Judge drops final charge against Detroit cop who killed child, says she'll be 'scapegoat'



Judge Cynthia Gray Hathaway address the court at Frank Murphy Hall of Justice in Detroit on Friday, Jan. 30, 2015. At the prosecutor's request, a Hathaway dismissed the last charge against Joseph Weekley, a Detroit police officer who fatally shot a 7-year-old girl during a raid. Two trials against Weekley ended without verdicts on a charge of reckless use of a gun. Weekley shot Aiyana Stanley-Jones as she slept on a couch in a Detroit home in 2010. It occurred during a frenzied raid by elite officers who burst through the door to search for a murder suspect after throwing a flash grenade to confuse anyone inside. (AP Photo/Detroit News, David Coates) DETROIT FREE PRESS OUT; HUFFINGTON POST OUT


Ron Scott, a member of the Detroit Coalition Against Police Brutality and a spokesman for Aiyana's family speaks outside the Frank Murphy Hall of Justice in Detroit on Friday, Jan. 30, 2015. At the prosecutor's request, a Hathaway dismissed the last charge against Joseph Weekley, a Detroit police officer who fatally shot a 7-year-old girl during a raid. Two trials against Weekley ended without verdicts on a charge of reckless use of a gun. Weekley shot Aiyana Stanley-Jones as she slept on a couch in a Detroit home in 2010. It occurred during a frenzied raid by elite officers who burst through the door to search for a murder suspect after throwing a flash grenade to confuse anyone inside. (AP Photo/Detroit News, David Coates) DETROIT FREE PRESS OUT; HUFFINGTON POST OUT


FILE-In this May 18, 2010 photo, Dominika Stanley, left, mother of Aiyana Stanley-Jones sits with Charles Jones, father of Aiyana Jones as they listen to attorney Geoffrey Fieger (not pictured) announce state and federal lawsuits on behalf of the family of Aiyana Stanley-Jones in Detroit. Wayne County Prosecutor Kym Worthy said her office told Aiyana Stanley-Jones’ family Wednesday, Jan. 28, 2015 that she will move to dismiss the case against Joseph Weekley. Aiyana was shot in the head while she slept in May 2010. The shooting was not considered intentional.(AP Photo/Detroit Free Press, Mandi Wright) DETROIT NEWS OUT; NO SALES; MAGS OUT; TV OUT; MANDATORY CREDIT


FILE - In this June 18, 2013 file photo, Detroit police officer Joseph Weekley stands in Judge Cynthia Hathaway's courtroom at the Frank Murphy Hall of Justice in Detroit. Wayne County Prosecutor Kym Worthy said her office told Aiyana Stanley-Jones’ family Wednesday, Jan. 28, 2015 that she will move to dismiss the case against Weekley. Aiyana was shot in the head while she slept in May 2010. The shooting was not considered intentional. (AP Photo/The Detroit News, John T. Greilick) DETROIT FREE PRESS OUT; HUFFINGTON POST OUT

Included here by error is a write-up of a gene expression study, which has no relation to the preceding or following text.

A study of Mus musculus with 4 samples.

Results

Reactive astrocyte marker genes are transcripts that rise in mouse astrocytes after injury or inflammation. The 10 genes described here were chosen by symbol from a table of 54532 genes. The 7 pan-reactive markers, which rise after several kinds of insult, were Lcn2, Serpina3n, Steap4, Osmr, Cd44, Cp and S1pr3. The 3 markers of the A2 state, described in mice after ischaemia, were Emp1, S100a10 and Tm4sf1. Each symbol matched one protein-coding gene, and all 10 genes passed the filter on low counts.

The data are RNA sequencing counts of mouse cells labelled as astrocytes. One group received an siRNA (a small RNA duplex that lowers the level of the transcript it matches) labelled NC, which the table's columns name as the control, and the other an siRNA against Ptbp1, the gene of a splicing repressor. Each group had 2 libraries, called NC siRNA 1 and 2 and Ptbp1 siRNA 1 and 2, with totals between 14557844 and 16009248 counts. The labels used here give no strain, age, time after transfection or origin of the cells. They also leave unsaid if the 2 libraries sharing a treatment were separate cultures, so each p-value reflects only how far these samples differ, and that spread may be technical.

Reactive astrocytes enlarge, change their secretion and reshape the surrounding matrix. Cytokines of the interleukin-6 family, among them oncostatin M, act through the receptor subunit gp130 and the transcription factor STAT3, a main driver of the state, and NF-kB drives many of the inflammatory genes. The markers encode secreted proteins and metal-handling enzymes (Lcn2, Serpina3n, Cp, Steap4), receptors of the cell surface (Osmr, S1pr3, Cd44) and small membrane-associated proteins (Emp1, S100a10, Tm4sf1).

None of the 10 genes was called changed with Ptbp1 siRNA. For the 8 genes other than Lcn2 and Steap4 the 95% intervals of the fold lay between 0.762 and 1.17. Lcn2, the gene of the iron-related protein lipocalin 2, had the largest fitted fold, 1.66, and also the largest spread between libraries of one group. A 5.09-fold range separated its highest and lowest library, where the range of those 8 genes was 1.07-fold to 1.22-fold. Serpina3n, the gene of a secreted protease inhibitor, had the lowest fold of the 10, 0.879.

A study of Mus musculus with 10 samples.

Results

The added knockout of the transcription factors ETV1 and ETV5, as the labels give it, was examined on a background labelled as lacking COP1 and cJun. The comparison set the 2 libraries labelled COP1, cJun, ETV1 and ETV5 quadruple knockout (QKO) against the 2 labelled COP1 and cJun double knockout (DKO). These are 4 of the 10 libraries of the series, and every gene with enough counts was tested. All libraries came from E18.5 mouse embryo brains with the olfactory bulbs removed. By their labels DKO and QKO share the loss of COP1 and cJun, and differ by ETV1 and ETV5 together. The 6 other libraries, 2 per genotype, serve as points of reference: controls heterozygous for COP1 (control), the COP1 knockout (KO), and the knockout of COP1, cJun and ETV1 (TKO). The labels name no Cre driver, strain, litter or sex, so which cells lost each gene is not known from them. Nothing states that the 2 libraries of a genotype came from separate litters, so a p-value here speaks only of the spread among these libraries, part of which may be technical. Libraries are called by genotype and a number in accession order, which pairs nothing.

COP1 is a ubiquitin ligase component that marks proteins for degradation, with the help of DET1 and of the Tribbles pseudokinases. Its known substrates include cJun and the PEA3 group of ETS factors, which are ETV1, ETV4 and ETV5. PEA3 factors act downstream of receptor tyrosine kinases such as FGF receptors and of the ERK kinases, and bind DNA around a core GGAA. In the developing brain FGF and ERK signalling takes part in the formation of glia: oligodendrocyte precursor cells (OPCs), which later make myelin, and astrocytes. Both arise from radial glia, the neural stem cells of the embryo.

DETROIT — At the prosecutor's request, a judge on Friday dismissed the last charge against a Detroit police officer who fatally shot a 7-year-old girl during a raid and said she's willing to be the "scapegoat" if critics don't like the result.

Two trials against Joseph Weekley ended without verdicts on a charge of reckless use of a gun. During the second trial, Judge Cynthia Gray Hathaway dismissed the most serious charge, involuntary manslaughter, saying there was insufficient evidence.

Weekley shot Aiyana Stanley-Jones as she slept on a couch in a Detroit home in 2010. It occurred during a frenzied raid by elite officers who burst through the door to search for a murder suspect after throwing a flash grenade to confuse anyone inside. A reality TV crew recorded the scene from the street.

Weekley insisted he accidentally pulled the trigger during a struggle with Aiyana's grandmother. She denied grabbing the weapon.

Assistant prosecutor Rob Moran told the judge that the misdemeanor was being dropped in the "best interests of justice." He didn't elaborate.

Hathaway emphasized that two juries, in 2013 and 2014, couldn't reach a unanimous verdict.

"It isn't the judge's decisions that caused these juries to not reach a decision," she said. "But I can tell you this: If anyone is looking for a scapegoat for justice, then you've got one here as owner, coach and quarterback. ... If someone needs a scapegoat for what's happening here — and what's happening here is justice — then put it on me."

Weekley left the courtroom through a private door. Defense attorney Steve Fishman said prosecutors were courageous by closing the case.

Outside court, a spokesman for Aiyana's family criticized the judge for her comments.

"She's not a scapegoat. She's irresponsible," said Ron Scott, referring to Hathaway's decision to dismiss the involuntary manslaughter charge before a jury at the second trial could consider it.